At least 60 people were killed following the devastating Boko Haram attack on Rann, a border town in Borno State on Monday, Amnesty International has said.
In a statement on Friday, the organisation also analysed satellite imagery which showed hundreds of burned structures in the town.
According to it, many of the destroyed structures only date back to 2017, suggesting they were shelters for Internally Displaced People (IDPs) who came to Rann seeking protection.
“We have now confirmed that this week’s attack on Rann was the deadliest yet by Boko Haram, killing at least 60 people,” said Osai Ojigho, Director of Amnesty International Nigeria.
“Using satellite imagery, we have also been able to confirm the mass burning of structures as Boko Haram unleashed a massive assault on Rann, most of which is now destroyed.”
Ojigho added, “This attack on civilians who have already been displaced by the bloody conflict may amount to possible war crime, and those responsible must be brought to justice.
“Disturbingly, witnesses told us that Nigerian soldiers abandoned their posts the day before the attack, demonstrating the authorities’ utter failure to protect civilians.”
Meanwhile, the Nigerian Army confirmed that the town was attacked, although it did not state the number of casualties.
It said troops “repelled” the attack while calm has been restored in the town.
Amnesty International disclosed further that alleged withdrawal of troops triggered a massive exodus of civilians to Cameroon, as fear spread that Boko Haram would take advantage and attack the town.
It said a group of Boko Haram fighters arrived on motorcycles at around 9am on 28 January and set houses ablaze while those left behind were killed.
The group said the terrorists also chased after those who attempted to escape and killed some people outside the town, noting that 11 bodies were found within Rann while 49 others were found outside.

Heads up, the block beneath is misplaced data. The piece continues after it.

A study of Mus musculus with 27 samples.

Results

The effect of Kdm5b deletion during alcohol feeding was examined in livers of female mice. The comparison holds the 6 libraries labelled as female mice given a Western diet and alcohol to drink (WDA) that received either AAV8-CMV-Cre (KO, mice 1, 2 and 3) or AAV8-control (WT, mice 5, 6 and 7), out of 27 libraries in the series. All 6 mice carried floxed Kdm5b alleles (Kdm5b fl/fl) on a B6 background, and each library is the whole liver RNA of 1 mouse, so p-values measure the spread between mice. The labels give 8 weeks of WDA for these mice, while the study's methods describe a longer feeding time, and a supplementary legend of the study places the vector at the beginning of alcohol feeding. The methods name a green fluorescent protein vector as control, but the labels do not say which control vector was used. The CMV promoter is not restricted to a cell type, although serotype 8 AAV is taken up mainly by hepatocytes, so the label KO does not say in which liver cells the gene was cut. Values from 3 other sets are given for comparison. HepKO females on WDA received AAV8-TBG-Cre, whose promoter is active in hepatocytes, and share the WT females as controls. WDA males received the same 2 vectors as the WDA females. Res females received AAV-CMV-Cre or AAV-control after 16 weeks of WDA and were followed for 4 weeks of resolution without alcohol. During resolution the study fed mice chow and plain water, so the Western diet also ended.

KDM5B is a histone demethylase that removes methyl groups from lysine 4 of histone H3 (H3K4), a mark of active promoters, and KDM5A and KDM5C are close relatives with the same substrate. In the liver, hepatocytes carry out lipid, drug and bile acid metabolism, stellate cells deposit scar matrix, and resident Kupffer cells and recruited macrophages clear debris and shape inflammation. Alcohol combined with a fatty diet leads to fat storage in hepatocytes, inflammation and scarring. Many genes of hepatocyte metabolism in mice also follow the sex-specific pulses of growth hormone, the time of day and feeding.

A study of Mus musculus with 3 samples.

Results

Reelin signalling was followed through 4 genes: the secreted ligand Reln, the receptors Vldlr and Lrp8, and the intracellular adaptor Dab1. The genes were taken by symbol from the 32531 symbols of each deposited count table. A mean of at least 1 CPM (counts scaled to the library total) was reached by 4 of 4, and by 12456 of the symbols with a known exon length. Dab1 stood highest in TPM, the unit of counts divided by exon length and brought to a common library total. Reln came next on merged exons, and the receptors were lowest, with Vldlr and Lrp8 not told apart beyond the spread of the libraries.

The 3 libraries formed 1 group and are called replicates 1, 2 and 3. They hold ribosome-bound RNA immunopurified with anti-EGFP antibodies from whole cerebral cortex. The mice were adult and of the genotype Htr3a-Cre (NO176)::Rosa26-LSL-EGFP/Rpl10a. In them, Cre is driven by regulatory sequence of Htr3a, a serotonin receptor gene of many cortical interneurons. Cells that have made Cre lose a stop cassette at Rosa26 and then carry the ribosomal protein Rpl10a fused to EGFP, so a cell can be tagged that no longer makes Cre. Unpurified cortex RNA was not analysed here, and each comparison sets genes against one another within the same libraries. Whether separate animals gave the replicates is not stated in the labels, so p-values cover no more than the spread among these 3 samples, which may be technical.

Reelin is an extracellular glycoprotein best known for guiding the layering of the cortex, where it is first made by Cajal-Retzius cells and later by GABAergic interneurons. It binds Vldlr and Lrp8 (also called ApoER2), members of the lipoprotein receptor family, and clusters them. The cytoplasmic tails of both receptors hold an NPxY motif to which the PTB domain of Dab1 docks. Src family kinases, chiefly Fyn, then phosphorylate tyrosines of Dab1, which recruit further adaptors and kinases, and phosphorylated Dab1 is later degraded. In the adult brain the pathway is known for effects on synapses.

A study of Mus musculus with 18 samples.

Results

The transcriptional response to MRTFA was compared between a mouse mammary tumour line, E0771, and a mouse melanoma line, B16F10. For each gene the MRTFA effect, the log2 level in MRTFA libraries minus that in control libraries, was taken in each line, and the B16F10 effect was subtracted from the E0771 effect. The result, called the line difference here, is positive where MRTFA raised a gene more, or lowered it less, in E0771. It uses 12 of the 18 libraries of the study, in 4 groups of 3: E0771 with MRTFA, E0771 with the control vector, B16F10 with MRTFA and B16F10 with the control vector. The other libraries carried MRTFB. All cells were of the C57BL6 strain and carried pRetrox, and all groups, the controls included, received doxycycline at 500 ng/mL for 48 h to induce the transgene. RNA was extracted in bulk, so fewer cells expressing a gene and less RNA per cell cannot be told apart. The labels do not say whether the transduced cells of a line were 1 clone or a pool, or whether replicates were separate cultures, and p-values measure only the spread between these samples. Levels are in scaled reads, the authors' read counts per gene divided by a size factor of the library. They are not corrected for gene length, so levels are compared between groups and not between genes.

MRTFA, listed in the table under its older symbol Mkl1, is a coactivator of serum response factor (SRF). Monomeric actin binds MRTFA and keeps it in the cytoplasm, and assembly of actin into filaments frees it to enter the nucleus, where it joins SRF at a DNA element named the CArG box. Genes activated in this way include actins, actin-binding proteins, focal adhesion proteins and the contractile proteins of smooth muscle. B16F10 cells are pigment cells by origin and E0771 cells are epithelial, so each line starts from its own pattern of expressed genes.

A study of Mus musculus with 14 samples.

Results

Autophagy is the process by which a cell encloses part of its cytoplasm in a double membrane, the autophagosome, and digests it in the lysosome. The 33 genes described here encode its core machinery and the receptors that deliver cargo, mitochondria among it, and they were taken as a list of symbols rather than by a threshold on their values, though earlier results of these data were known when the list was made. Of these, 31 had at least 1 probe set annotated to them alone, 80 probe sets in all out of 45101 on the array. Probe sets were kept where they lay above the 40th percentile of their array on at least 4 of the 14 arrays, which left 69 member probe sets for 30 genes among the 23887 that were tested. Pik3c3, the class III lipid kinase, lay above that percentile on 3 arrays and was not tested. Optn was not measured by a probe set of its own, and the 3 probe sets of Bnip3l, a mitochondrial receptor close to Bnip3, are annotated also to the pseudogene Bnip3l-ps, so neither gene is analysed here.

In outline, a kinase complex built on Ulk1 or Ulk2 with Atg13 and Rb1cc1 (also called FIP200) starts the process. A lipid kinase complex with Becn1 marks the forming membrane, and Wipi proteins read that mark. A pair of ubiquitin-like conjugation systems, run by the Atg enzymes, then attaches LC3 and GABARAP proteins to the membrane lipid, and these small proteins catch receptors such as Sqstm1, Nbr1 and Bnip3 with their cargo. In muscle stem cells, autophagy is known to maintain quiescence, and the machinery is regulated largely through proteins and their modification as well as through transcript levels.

According to the statement, it was informed that about 50 people have not been accounted for and those who took part in the burial explained what they saw.
“Ten of us [Civilian Joint Task Force] came from Cameroon to Rann for the burial,” an eyewitness was quoted as saying. “When we arrived, we found and buried 11 corpses within the town, but the soldiers told us that they buried several others yesterday [30 January] who had decayed.”
“Outside the town, we recovered and buried 49 dead bodies all with gunshot wounds,” the witness added
Aid agencies, according to Amnesty International, reported that some 30,000 civilians have fled for the border with Cameroon in recent days, joining a further 9,000 who fled previous Boko Haram attack on Rann on 14 January.
Amnesty International analysed satellite images from Wednesday, showing hundreds of structures burned in the east, south and southeast of Rann.
According to it, environmental sensors detected fires in the area on Monday and Tuesday.
In the 14 January attack, Boko Haram burned well over 100 structures in other areas of Rann, the grouped revealed, stressing that the two recent attacks have left most of the town heavily damaged or destroyed.
Amnesty International, therefore, called on the Nigerian authorities to investigate the alleged withdrawal of security forces of the Multi-National Joint Task Force (MNJTF) from Rann, which it said may have left tens of thousands of civilians exposed to the latest deadly attack.
“Boko Haram has consistently and deliberately targeted civilians in Rann, which makes the Nigerian authorities’ failure to protect people all the more unacceptable,” said Ojigho.
She added, “The authorities on both sides of the border must provide the supplies and safety that these people require.
“The Cameroonian authorities must also desist from forcing people to return until conditions are safe and they choose to do so voluntarily.”